Clichés abound this time of year. It’s the one season in which it’s OK to speak of holiday magic or lapse into sappy memories like those that surfaced recently when I ran across a 1956 photo of 4-year-old me on the lap of Santa Claus.
Understand, I’m talking about The Santa Claus—not some run-of-the-mill helper who brings up the rear in an annual Christmas parade. I mean he who sat upon the throne-like chair in Richmond’s Miller & Rhodes for the latter half of the 20th Century.
Whole books have been written about his reign, and anyone who visited him will tell you that, indeed, he was the real deal. For any child among the Santa believers, visiting him was like being ushered into the presence of God.
“He wore a beautiful red suit made of French velvet imported from Lyon. His white collar and cuffs were made of rabbit fur. Hollywood’s Max Factor created his wigs and beard,” says Donna Strother Deekens in her book, Christmas at Miller and Rhoads: Memoirs of a Snow Queen.
Richmond was my mother’s hometown, so we made the pilgrimage to her family home—and Miller & Rhoads—every Thanksgiving. While the prospect of seeing grandmother was attraction enough, these holiday visits, to my mind, were about Santa.
When I held that 1956 photo, it all came rushing back.
I was four: old enough to anticipate, but young enough to be swept away with the kind of excitement a visit to Santa could bring.
My mother and grandmother were excited, too. After weeks of cutting and sewing, pinning and stitching, my grandmother had produced the perfect dress for me: red and green plaid, sweet Peter Pan collar and all. It buttoned up the back, because the front was covered with subtle red smocking—the ideal holiday touch.
This year’s requisite portrait with Santa would be perfect.
On the day of the visit, I was beside myself. I was waiting in my slip and white anklets while Grandmother put the final touches on my dress in the next room. I climbed onto her bed, hopping and jumping, sure my joy would take me through the ceiling and beyond.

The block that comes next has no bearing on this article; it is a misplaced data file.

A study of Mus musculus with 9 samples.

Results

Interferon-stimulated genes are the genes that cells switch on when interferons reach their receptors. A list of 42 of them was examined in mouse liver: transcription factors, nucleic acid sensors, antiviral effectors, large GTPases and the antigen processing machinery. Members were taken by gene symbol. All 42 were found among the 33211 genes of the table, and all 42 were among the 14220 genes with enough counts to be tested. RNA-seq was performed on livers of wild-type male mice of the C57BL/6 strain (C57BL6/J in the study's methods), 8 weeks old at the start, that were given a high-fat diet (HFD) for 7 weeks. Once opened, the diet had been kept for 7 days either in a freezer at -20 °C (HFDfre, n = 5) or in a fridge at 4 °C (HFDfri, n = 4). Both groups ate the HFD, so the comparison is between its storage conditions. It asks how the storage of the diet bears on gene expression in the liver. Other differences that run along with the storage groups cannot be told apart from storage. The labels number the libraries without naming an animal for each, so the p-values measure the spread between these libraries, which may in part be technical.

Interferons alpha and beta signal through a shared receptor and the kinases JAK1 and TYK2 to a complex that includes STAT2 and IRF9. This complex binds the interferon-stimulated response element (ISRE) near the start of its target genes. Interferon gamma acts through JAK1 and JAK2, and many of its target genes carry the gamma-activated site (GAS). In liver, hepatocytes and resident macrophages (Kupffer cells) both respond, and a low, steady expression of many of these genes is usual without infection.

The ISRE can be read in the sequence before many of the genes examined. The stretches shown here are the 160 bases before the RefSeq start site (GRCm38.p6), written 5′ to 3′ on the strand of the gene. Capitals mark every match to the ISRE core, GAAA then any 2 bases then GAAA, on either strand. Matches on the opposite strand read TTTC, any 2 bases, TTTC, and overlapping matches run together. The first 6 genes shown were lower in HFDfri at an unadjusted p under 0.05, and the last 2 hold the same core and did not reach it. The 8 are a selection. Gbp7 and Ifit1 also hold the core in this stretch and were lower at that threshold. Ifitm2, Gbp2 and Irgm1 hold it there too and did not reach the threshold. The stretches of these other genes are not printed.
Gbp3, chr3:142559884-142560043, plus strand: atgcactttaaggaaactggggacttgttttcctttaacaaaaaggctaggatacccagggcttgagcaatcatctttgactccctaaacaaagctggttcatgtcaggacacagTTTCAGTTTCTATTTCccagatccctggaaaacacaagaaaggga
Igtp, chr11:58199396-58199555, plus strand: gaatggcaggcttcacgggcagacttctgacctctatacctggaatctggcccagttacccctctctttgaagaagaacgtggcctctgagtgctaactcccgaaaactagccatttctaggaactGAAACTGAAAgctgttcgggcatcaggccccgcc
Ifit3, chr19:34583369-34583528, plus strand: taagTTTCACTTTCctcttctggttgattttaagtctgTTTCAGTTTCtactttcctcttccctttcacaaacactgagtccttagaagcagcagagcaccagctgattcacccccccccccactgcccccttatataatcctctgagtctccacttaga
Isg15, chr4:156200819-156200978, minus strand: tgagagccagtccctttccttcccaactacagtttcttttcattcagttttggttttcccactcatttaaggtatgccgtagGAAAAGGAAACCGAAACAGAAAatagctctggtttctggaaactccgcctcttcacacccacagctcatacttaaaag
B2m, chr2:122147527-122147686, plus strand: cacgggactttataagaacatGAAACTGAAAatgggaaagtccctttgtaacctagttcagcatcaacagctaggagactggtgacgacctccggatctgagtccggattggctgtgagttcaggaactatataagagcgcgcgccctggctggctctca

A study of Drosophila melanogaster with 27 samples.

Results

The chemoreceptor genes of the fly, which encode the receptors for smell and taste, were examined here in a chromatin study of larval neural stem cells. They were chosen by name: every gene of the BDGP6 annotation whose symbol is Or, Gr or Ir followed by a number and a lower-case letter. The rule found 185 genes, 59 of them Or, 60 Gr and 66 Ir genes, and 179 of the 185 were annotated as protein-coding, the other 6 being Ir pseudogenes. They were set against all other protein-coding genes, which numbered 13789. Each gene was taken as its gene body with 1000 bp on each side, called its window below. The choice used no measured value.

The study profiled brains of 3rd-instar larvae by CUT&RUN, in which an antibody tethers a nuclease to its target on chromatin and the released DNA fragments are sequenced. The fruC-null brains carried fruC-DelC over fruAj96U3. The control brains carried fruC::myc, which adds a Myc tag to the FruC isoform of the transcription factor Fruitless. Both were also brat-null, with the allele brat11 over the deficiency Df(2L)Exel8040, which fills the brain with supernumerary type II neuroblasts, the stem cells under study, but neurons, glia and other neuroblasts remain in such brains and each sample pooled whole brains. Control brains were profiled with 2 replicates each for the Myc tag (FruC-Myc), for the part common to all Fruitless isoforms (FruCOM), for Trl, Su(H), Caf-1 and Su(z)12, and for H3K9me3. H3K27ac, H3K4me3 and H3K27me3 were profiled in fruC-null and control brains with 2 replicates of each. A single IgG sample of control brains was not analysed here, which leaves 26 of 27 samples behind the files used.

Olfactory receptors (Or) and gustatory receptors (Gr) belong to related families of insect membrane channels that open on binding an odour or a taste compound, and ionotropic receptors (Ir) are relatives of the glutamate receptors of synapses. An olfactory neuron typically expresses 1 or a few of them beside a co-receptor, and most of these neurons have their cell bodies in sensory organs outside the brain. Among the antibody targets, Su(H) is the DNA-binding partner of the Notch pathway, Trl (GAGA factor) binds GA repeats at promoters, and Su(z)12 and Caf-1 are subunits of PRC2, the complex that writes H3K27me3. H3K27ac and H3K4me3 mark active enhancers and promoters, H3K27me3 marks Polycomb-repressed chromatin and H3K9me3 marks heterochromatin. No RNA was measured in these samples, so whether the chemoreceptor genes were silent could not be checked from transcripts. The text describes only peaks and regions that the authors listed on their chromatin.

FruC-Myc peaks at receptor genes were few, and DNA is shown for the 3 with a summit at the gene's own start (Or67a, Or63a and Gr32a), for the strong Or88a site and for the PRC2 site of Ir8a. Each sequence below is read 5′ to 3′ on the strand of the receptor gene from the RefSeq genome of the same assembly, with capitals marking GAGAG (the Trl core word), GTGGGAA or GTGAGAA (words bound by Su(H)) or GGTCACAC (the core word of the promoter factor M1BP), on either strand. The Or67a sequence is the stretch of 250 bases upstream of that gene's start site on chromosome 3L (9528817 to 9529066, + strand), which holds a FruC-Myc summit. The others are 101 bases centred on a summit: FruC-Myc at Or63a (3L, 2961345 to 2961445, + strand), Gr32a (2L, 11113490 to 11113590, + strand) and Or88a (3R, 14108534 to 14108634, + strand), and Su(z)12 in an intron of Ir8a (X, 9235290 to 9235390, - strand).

She called and, in a final flourish of acrobatics, I leapt over the blanket rail at the foot of her bed and onto the same cherry cedar chest that sits at the foot of my bed today.
When my sock feet hit the slick finish of the chest, they flew in separate directions, and my collarbone took the brunt of the fall. It was broken.
I remember nothing of our trip to the doctor, nothing of pain, and nothing of being swathed in the bandage that covered my body and pinned my arm to my chest.
But I do remember that my mother and grandmother, though clearly concerned about me, were heartbroken: the beautiful dress would not fit over all of the plaster and gauze immobilizing my arm—and my moment with Santa seemed to be gone.
Turns out, we were wrong. My mother came up with some holiday magic I question even today. I could still see Santa; I could still wear the dress; and, I could still have my portrait made on his lap.
All I had to do was wear the dress backwards so it could be unbuttoned to provide room for all that lay beneath.
The next day, my mother implemented her plan, and we were off to Santaland. We stood in line with others, who were either too enamored of Santa, the Snow Queen, and the elf, or too polite to stare.
There was a sea of toys, lights, Christmas decorations, and people everywhere. I could hardly take it in. Slowly, the line moved ahead. The Snow Queen greeted each child and, I learned later, extracted each name before passing it on to Santa through a concealed microphone—high tech stuff for the mid 1950s.
At last, my moment came and the Snow Queen sent me to forth. Gently, Santa helped me onto his lap.
“Ho, ho, ho, Priscilla! What have we here?”
I was mute. All I could do was stare at my mother, who tried her best to extract some Christmas cheer, but it was not to be.
Quietly, I recited my list, and then prepared for my portrait. My mother leaned over the velvet rope and gave me my cue:
“Pull your dress open more,” she whispered, “so we can see your bandages!”
I did (I couldn’t let Santa see me disobey), but the look on my face made it clear: this was not what I wanted at all.
The two things I remembered upon discovering that photo recently were etched more deeply than I knew: My mother’s pleading expression at picture time and the moment, mid-air, I knew my pirouetting leap off the bed had gone, sadly, awry.
Ah, but Santa was there, too, and I took to the Internet to see what I could learn of this and other visits all those years ago.
Turns out, I very likely was sitting on the lap of a Santa who understood full well what it was like to take a flying leap of joy—and that such antics don’t always end well.
That Santa Claus—The Santa Claus—who held me in his arms was former Hollywood stunt man, Bill Strother. In 2010, he was named a charter member in the International Santa Claus Hall of Fame.
They didn’t ask, but you can bet he would’ve gotten my vote, too.